The odds are that you bring your mobile devices to work, and you’re likely using them wrong while you do.
There are a number of different forms of etiquette that have to be kept in mind while you’re at work, and now that cell phones are essentially ubiquitous, many people are making some serious smartphone mistakes while on the job, and it can cause some uncomfortable moments, bad impressions, and other unpleasantness of which they may be entirely unaware.
Are you making some of these common smartphone use errors at work?
The following are some of the most commonly made smartphone mistakes in terms of workplace etiquette. It’s important to check them out and know whether or not you’re making them so that you can correct them and stop frustrating the people around you. It may not seem like much, but it can make a considerable difference in what people think of you, and it may be keeping you from reaching a greater potential on the job. Want that raise or promotion? You might want to kick these nasty habits, first.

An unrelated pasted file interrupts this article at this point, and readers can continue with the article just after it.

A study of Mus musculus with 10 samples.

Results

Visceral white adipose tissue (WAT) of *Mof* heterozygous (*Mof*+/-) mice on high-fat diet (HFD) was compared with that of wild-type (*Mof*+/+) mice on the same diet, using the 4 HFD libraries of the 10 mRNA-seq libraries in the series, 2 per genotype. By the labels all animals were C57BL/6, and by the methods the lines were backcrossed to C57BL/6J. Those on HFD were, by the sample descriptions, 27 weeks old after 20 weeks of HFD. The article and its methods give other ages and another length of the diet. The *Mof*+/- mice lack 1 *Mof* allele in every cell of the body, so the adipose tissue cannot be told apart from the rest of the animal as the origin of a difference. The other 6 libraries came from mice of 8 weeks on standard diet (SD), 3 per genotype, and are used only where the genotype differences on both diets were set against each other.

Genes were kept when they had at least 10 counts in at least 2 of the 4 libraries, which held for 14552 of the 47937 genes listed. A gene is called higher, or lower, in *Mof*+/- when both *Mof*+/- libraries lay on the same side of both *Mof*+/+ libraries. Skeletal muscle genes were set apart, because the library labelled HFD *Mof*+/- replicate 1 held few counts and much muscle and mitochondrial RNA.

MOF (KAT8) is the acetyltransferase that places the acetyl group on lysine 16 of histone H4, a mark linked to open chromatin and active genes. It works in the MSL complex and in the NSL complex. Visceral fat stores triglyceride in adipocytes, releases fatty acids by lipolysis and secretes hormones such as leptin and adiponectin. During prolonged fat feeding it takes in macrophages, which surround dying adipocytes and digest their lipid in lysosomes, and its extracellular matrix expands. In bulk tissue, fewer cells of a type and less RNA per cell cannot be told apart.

Smartphone mistakes at work can be as bad as getting caught stealing someone else’s lunch from the fridge or chewing gum during meetings.
Stop these habits before they stop you!
• Keeping your phone out and visible – while this is fine if you’re alone, when someone else is in your office, tuck it away and put it on vibrate. Even if you’re not using it, simply leaving it where it can be seen sends a message to the other person that they have your attention only until the device goes off, and that you give higher priority to the phone.
• Checking your phone during meetings – this is in especially poor taste in a client meeting. No non-urgent calls, texts, or other communications should take your attention away from a client. Put mobile devices away and don’t touch them again until the meeting is over. The only exception occurs when an emergency call is expected.
• Setting your phone on the table at a business lunch/dinner – your friends and family members probably don’t like seeing your cell phone on the table at a meal, but when it comes to business meals, it is typically considered to be flat-out rude. Studies have shown that even if the device is turned off, its presence is still considered to be offensive at restaurants and dinner tables for business meetings.
• Letting your battery run out – when customers, clients, co-workers, and supervisors need to contact you, a dead battery is no excuse for being unreachable. This is one of the biggest smartphone mistakes that people make at work. Consider a good quality backup battery pack to be an important investment into your career.